The Taliban on Friday denied that Reuters India chief photographer Danish Siddiqui was killed by them knowingly, saying that it was not clear whose shooting caught him in the crossfire between them and the Afghan forces, reported NDTV.

“You can’t say he [Siddiqui] was killed by our fighters,” Muhammad Sohail Shaheen, the spokesperson of the Taliban’s political office in Doha, Qatar, told NDTV. “Ask why he didn’t coordinate with us. We have announced to journalists not once but many times that when they come to our places, please coordinate with us and we will provide you security.”

Siddiqui was killed on July 16 while covering clashes between Afghanistan security forces and the Taliban in Kandahar city. An Afghan commander had told Reuters that the 38-year-old was caught in Taliban crossfire.

The Taliban spokesperson said that Siddiqui was travelling along with the Afghan forces and there was no difference “whether they are security personnel or militia or soldiers of Kabul or a journalist among them”.

Shaheen also denied reports that Siddiqui was captured, executed and his body mutilated. “We have rejected the mutilation allegation two-three times,” he told NDTV. “It is not our policy. It is possible that security forces did it to malign us. It is against the rules of Islam to mutilate dead bodies.”

The spokesperson said that journalists are free to come to their areas and file reports. “They can open branches in our areas to see the ground reality with their own eyes,” he told the news channel in an interview.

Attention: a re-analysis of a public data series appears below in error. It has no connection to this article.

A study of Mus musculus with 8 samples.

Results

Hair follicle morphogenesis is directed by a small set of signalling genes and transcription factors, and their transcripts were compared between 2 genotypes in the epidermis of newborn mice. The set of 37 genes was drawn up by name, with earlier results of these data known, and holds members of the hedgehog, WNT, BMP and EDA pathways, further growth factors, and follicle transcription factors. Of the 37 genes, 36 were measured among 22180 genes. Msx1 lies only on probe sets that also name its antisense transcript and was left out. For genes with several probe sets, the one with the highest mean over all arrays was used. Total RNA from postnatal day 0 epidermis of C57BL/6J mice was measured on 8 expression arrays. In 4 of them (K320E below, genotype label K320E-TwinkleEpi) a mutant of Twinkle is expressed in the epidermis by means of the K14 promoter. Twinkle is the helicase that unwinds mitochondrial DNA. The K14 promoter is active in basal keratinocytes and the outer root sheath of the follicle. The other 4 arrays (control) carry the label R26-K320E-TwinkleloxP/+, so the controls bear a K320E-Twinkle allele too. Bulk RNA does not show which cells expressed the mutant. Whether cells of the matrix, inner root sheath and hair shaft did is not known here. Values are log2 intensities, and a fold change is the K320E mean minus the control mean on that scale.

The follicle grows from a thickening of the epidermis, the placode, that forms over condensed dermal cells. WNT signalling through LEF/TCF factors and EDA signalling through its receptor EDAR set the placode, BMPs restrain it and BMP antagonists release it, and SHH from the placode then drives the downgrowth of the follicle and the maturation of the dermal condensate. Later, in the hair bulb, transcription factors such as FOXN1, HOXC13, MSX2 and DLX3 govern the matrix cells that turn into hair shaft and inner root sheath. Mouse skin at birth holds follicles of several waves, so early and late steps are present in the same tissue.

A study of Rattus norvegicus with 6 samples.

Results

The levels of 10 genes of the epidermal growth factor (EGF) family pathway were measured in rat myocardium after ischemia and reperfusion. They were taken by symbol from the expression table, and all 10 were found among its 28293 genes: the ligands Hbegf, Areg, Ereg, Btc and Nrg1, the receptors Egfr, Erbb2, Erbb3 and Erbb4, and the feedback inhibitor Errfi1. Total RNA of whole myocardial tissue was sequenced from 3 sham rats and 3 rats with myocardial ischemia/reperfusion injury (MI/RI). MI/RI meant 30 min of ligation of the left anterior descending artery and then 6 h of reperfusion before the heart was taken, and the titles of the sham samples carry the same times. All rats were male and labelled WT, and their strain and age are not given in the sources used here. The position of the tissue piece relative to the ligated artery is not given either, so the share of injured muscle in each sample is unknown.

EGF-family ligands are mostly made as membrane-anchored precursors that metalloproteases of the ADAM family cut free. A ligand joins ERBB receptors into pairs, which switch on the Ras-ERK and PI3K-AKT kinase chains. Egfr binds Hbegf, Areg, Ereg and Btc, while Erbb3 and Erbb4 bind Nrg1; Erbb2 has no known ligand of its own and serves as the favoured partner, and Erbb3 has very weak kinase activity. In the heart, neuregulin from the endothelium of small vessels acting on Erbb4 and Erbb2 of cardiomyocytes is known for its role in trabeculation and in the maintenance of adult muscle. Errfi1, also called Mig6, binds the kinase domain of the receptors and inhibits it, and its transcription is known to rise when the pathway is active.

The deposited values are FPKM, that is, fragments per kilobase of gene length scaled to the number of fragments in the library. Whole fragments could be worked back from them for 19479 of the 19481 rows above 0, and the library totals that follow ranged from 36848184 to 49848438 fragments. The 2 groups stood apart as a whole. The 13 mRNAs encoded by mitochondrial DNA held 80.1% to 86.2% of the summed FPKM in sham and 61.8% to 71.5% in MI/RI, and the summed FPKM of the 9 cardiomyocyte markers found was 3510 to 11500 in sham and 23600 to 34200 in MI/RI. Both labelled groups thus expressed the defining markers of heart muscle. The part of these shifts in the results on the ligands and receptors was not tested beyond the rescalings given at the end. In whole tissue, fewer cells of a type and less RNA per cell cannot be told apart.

Shaheen also claimed that the Taliban has taken control of 90% of Afghanistan.

According to media reports, 18 of the 34 provincial capitals are now under the Taliban’s control as of Friday. These are Ghazni, Aybak, Kunduz, Taluqan, Faizabad, Pul-e-Khumri, Pul-e Alam, Terenkot, Kandahar, Lashkar Gah, Zaranj, Farah, Herat, Feruz Koh, Qala-e Naw, Sar-e-Pul, Sheberghan and Qalat.

While Kabul, the country’s capital, is not under direct threat yet, the Taliban are making rapid advances and are in control of two-thirds of Afghanistan. Of Afghanistan’s major cities, the government still holds Mazar-i-Sharif in the north and Jalalabad, near the Pakistani border in the east.

Clashes between the Taliban and Afghan forces have escalated as foreign troops prepare to withdraw from the country by the end of August. More than 1,000 people have been killed in Afghanistan in the last month, the BBC reported, citing the United Nations.

Ongoing peace talks between the Afghan government and the Taliban in Doha have failed to yield any result so far. The government reportedly made a power-sharing proposal to the Taliban for brokering peace, Al Jazeera reported. However, there has been no official confirmation on the matter.

During the interview with NDTV, the Taliban spokesperson said that it was up to India to decide if the country is their friend or enemy.

“See, if India provides guns, arms and ammunition to the people of Afghanistan to create unrest against us, then that will certainly be seen as an act of enmity,” he said. “But if India works for the peace and prosperity of the nation, then it will be seen as not a move in enmity.”

Shaheen also said that there was a meeting with the Taliban in which an Indian delegation was also present.

“You say Taliban is backed by Pakistan, but I think you say that because of your [India’s] enmity with Pakistan, not really about the ground situation in Afghanistan,” he added.

On groups such as ISIS or Al Qaeda, the spokesperson said that if the Taliban came to power, they would not allow the terrorist organisations to operate from Afghanistan.